Last year, out of the blue, I was offered the opportunity to join a group on a trek up Mount Kenya. Having never walked outside of the UK, and unlikely to do anything so adventurous on my own, I accepted the invitation and spent the next 5 months trying to get fit for a walk up the second highest mountain in Africa.
Arriving in Nairobi at around 7am, we were met by our two drivers who loaded our luggage into (and on top of) the Land Cruisers then drove us the 100km, or so, to Mountain Rock Lodge. We stopped at a service station – well, more accurately, a carved wooden animal shop with a toilet. It was pretty obvious that there was probably some sort of arrangement between the tour company and the shop, as these were the most expensive carved animals we saw during our time in Kenya (and I was slightly shocked to see a “We accept Visa” sign!).
After arriving at the lodge, the rest of the first day was spent on a walk to the Mau Mau caves, relaxing and repacking our bags. Our main bags were to be carried by porters while we carried only a day-pack. We were introduced to our main guide, Francis, who explained the dangers of altitude sickness, dehydration and – most risky of all – a negative attitude. If we were to reach the summit, it was important to think positive thoughts. How right he proved to be!
Day 1 – Sirimon Gate to Old Moses Camp (3300m)
Sirimon Gate lies at about 2600 metres and was a couple of hours drive from the lodge. On the way, we crossed the equator so stopped for the obligatory photographs.
After a packed lunch at the park gate, we set off on our adventure. Only 9km to walk today and we finished at Old Moses Camp which is at 3300m. The weather was fine and sunny and the walking was quite easy. We were on a dusty track for most of the way and all had filthy legs by the time we reached the camp. In some ways, the track reminded me of parts of Scotland; obviously Bulldozed with little regard for aesthetics, this was a practical track for easy access.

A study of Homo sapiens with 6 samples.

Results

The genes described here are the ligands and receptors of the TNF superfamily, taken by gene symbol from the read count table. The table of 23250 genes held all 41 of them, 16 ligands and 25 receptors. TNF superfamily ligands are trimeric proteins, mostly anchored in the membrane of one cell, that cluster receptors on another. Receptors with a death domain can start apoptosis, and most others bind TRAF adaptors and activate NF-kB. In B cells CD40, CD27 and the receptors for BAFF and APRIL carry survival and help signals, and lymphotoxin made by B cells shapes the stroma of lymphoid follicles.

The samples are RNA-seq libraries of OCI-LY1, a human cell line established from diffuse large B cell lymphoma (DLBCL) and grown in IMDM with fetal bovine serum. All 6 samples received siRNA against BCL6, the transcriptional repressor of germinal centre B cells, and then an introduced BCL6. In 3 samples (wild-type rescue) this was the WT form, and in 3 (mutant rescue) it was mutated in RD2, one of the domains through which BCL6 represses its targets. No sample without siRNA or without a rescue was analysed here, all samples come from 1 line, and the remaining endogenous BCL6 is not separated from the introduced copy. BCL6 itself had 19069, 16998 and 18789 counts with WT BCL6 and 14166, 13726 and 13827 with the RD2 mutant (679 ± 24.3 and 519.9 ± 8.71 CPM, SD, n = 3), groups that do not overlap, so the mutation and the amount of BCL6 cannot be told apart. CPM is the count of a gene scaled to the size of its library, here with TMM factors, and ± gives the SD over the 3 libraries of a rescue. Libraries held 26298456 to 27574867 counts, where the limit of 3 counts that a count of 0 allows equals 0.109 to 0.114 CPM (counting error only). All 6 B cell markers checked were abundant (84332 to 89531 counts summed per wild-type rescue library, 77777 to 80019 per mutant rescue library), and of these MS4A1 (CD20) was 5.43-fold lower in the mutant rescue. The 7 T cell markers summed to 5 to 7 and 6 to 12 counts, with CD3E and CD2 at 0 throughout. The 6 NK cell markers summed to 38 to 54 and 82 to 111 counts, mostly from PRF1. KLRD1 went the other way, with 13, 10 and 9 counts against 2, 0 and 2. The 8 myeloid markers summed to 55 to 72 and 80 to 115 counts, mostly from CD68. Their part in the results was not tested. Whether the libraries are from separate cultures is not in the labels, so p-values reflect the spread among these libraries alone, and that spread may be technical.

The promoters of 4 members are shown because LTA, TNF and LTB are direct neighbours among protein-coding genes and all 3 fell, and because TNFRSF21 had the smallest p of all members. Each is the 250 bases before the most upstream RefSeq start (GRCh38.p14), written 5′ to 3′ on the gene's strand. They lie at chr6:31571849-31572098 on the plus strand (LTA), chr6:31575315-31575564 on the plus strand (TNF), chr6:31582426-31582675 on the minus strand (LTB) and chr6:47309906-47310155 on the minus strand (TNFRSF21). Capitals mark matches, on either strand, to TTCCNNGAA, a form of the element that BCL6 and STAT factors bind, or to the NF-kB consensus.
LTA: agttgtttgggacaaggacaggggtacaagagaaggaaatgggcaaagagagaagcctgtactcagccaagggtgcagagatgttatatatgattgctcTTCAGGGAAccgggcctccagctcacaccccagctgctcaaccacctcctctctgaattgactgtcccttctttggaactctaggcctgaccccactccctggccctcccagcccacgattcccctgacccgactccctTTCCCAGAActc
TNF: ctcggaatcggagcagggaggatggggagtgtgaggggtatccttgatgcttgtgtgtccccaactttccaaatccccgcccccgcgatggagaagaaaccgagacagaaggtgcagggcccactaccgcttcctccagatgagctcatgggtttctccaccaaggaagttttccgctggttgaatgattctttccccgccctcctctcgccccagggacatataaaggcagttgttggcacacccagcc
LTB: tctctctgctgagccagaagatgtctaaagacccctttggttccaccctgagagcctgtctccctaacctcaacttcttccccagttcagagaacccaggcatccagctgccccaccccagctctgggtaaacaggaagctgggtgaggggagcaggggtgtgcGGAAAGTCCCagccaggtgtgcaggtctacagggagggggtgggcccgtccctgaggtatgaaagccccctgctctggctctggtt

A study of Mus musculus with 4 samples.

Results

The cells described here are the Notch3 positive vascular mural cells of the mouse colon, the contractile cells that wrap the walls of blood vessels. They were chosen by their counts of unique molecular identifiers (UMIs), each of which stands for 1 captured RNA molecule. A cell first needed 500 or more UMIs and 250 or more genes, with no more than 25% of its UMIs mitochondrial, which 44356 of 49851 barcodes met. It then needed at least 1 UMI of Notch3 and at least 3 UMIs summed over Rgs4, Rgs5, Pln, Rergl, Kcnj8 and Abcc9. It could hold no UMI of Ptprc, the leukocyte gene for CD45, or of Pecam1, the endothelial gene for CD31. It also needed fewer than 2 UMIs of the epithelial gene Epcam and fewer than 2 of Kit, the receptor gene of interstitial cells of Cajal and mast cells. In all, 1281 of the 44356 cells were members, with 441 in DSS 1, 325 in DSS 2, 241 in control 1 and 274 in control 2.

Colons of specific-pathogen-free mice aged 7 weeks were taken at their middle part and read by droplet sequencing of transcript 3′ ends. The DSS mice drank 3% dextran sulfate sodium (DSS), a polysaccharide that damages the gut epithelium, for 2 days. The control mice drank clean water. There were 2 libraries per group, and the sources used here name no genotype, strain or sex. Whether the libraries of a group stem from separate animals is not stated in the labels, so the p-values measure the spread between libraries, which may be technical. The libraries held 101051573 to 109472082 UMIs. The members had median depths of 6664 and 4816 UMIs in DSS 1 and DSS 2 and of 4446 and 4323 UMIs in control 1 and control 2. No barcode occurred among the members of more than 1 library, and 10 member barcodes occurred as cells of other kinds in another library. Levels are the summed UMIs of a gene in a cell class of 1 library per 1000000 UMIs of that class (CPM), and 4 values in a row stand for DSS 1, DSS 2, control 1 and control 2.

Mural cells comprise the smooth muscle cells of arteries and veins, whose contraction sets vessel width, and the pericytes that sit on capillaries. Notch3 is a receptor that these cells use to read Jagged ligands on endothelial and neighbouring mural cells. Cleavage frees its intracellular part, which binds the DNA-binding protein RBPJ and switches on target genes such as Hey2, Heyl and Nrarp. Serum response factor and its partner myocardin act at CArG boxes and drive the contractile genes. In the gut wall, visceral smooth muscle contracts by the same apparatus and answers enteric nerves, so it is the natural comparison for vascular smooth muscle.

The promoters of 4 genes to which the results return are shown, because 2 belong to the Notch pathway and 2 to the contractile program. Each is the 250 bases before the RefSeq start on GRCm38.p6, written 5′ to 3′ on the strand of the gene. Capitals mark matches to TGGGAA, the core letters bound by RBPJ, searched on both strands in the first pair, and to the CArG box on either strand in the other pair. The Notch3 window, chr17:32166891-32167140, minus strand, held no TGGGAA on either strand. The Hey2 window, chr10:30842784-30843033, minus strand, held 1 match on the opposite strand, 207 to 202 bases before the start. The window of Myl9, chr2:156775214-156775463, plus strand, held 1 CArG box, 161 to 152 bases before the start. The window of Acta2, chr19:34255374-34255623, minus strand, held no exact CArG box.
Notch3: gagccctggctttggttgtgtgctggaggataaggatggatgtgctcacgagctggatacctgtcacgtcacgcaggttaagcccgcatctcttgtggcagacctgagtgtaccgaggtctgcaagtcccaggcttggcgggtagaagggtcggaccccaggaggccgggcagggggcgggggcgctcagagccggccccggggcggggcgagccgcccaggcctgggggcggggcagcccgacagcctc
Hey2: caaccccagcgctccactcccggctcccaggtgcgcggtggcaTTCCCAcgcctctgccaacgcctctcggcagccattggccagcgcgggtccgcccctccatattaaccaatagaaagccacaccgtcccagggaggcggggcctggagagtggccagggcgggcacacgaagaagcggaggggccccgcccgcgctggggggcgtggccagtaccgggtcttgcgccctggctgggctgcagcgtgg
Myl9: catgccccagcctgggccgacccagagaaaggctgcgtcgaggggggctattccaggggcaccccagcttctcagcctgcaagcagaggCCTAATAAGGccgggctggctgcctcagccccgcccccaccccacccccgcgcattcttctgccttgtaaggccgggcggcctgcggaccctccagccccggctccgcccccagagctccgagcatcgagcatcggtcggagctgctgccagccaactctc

I found that I did get out-of-breath quite easily on the uphill sections, but recovered almost instantly as soon as I took a rest.
Old Moses Camp consists mainly of a long green shed containing bunk rooms, a long dining room, and a couple of toilets. It was perfectly comfortable, although I don’t think many of us slept too well on that first night. As well as having a porter each and a couple of guides, we also had a cook and his assistant who managed to keep us well fed throughout the trip. I believe our group of 11 walkers were supported by a team of 20 staff; I’m still not sure how I feel about that, given that I usually carry everything myself.
Day 2 – Old Moses Camp to Shipton’s Camp (4200m)
The second day was a 14km walk with 900m of ascent overall, but consisting of a couple of big climbs and drops. Right from the start I felt sick and had a churning stomach. Was it something I ate? Had I drunk dirty water? Was I dehydrated? Or was it altitude sickness? Whatever the reason for my illness, this was not a nice day for me. I took a healthy mix of paracetamol, ibuprofen, loperamide and anti-emetics [always walk with a group of nurses and doctors, if you can!] but felt awful all day. Not only did I feel sick, but every step was a huge effort.
It was a shame I felt ill, as this was lovely walking. The sky was overcast, which probably protected us from the worst of the sun, and it was perfect, warm walking weather.
I was glad to reach Shipton’s Camp and to lie down on my bunk. The thought of dinner did not appeal to me, although I knew I had to eat. I did my best to drink lots of water but really just wanted to lie in bed feeling sorry for myself. Eventually, I was sick and started to feel a bit better – even managing to eat a bit of dinner. I was now quite anxious about the two days which lay ahead; if I felt this bad at 4200m, just how bad were things going to be at 4985m?